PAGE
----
MARK Johnston has criticised Jim Bolger for making “damaging accusations without, it seems, any corroborating evidence” on the subject of the use of illegal performance-enhancing drugs in Irish racing.
Johnston, who is the most successful trainer of all-time in British racing in terms of number of winners trained, also said he was “saddened” by what he perceived as the overreaction to the discovery of unlicensed drugs at a premises in Monasterevin, Co Kildare, in November.
Writing in the latest edition of Kingsley Klarion, his own monthly newsletter, Johnston said: “I have heard various descriptions of the substances confiscated from the ‘therapist’ John Warwick but, unfortunately, nobody has given us any details whatsoever about these substances or what they were being used for.
“I would guess that the most accurate description I have heard was that they were ‘animal medicines not licensed for use in Ireland’. If that is an accurate description it does not mean, or even suggest, that they were illegal drugs. Quite the contrary: it suggests that they were medicines normally used in the treatment of animals but not, for whatever reason, licensed for use in Ireland. It could be as simple as a manufacturer having no market for the product in Ireland and not having sought a licence.”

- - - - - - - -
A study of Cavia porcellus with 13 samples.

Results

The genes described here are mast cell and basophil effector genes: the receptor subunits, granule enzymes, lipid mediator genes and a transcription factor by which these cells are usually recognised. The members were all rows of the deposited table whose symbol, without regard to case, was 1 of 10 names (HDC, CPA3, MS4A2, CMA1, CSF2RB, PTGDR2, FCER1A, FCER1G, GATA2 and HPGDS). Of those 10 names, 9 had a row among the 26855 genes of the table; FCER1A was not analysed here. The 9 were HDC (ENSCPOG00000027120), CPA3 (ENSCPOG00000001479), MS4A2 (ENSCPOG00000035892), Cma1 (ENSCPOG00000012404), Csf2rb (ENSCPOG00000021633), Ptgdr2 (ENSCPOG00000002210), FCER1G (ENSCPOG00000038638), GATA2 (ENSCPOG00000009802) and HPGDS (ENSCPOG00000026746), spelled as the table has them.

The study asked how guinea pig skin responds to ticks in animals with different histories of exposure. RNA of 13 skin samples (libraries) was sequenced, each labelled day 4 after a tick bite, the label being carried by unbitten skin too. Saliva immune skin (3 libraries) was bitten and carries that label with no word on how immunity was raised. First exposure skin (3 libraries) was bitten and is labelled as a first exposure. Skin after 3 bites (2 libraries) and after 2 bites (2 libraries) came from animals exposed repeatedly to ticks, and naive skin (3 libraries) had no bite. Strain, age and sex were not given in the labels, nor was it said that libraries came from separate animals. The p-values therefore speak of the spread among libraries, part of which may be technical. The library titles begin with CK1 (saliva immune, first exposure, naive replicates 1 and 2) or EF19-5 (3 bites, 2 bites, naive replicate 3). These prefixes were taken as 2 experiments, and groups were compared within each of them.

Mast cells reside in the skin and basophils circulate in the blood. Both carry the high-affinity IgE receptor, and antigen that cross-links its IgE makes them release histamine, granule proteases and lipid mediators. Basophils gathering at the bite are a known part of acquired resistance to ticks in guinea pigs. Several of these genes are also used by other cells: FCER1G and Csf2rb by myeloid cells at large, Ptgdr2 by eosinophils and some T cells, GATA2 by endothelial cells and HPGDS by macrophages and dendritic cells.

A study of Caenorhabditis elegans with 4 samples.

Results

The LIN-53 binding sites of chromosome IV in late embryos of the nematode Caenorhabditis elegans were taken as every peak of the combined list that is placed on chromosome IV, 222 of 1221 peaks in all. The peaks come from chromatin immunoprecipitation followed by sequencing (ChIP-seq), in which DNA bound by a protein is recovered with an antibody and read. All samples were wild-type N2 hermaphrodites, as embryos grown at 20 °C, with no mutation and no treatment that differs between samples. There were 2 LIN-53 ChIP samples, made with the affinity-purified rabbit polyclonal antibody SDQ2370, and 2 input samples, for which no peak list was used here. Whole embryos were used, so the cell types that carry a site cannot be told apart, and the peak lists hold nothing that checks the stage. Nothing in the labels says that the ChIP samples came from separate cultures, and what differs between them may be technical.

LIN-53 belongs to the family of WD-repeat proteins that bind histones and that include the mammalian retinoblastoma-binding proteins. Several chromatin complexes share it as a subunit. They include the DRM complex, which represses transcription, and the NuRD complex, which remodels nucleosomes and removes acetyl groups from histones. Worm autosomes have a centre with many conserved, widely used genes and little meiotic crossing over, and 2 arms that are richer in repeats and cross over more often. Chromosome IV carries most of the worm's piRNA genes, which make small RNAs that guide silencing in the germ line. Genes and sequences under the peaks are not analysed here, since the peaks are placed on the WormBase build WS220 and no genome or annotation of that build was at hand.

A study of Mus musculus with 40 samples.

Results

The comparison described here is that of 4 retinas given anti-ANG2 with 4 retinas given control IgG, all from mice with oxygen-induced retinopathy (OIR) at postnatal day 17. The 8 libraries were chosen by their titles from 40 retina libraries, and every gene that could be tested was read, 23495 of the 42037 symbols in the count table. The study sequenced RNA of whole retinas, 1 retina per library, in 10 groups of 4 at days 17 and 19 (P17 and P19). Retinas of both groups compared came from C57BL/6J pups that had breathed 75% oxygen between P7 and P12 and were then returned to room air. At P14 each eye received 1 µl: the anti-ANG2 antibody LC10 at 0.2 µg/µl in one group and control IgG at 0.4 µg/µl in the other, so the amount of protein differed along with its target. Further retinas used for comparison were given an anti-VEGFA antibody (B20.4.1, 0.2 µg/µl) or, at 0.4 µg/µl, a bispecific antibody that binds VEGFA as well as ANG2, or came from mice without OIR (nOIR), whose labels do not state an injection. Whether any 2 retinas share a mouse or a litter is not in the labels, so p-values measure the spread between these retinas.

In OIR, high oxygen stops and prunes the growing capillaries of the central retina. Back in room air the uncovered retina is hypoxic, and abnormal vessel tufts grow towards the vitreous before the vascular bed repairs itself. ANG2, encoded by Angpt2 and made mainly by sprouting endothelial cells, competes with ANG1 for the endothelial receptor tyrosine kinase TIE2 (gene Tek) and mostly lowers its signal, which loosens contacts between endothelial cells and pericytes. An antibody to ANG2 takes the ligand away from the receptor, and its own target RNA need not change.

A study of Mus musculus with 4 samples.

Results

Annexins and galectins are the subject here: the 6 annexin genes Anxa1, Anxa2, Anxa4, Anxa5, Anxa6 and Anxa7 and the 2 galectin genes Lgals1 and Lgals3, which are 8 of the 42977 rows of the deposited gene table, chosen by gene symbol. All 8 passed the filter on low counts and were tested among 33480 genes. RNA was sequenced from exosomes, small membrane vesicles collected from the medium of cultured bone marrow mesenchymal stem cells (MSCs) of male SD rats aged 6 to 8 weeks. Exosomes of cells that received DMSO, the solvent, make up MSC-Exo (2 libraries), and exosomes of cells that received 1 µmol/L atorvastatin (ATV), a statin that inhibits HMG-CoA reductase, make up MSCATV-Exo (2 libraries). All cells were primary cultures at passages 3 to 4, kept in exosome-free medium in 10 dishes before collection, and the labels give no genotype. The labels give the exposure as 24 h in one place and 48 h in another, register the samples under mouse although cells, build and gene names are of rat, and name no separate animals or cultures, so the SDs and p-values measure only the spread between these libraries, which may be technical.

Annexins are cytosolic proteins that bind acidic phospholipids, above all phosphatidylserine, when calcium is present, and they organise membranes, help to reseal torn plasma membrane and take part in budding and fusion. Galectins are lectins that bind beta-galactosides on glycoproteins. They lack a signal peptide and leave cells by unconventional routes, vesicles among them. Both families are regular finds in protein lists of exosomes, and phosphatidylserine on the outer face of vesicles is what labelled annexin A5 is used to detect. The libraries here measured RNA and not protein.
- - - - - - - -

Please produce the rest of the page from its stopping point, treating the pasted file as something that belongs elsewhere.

Johnston believes that media coverage of the Monasterevin raid has added fuel to unsubstantiated rumours that there is widespread doping of racehorses taking place.
“What saddens me most of all is that the incident is being used to give credence to Jim Bolger’s claim that illegal drug use is Irish racing’s number one problem,” Johnston wrote.
“I am so disappointed that Jim, whose exploits this year as trainer, owner and breeder, have put him on a something of a pedestal for me, has stooped to making such damaging accusations without, it seems, any corroborating evidence whatsoever.
“There have always been conspiracy theories around anyone who has unexpected or unwelcome success in racing. I have often been on the receiving end of jibes such as ‘he’s a vet, he must be giving them something’, but people like Jim Bolger should know better.
“He is one of the most successful trainers of our time. If he can achieve so much without cheating, why can’t he accept that others can too?”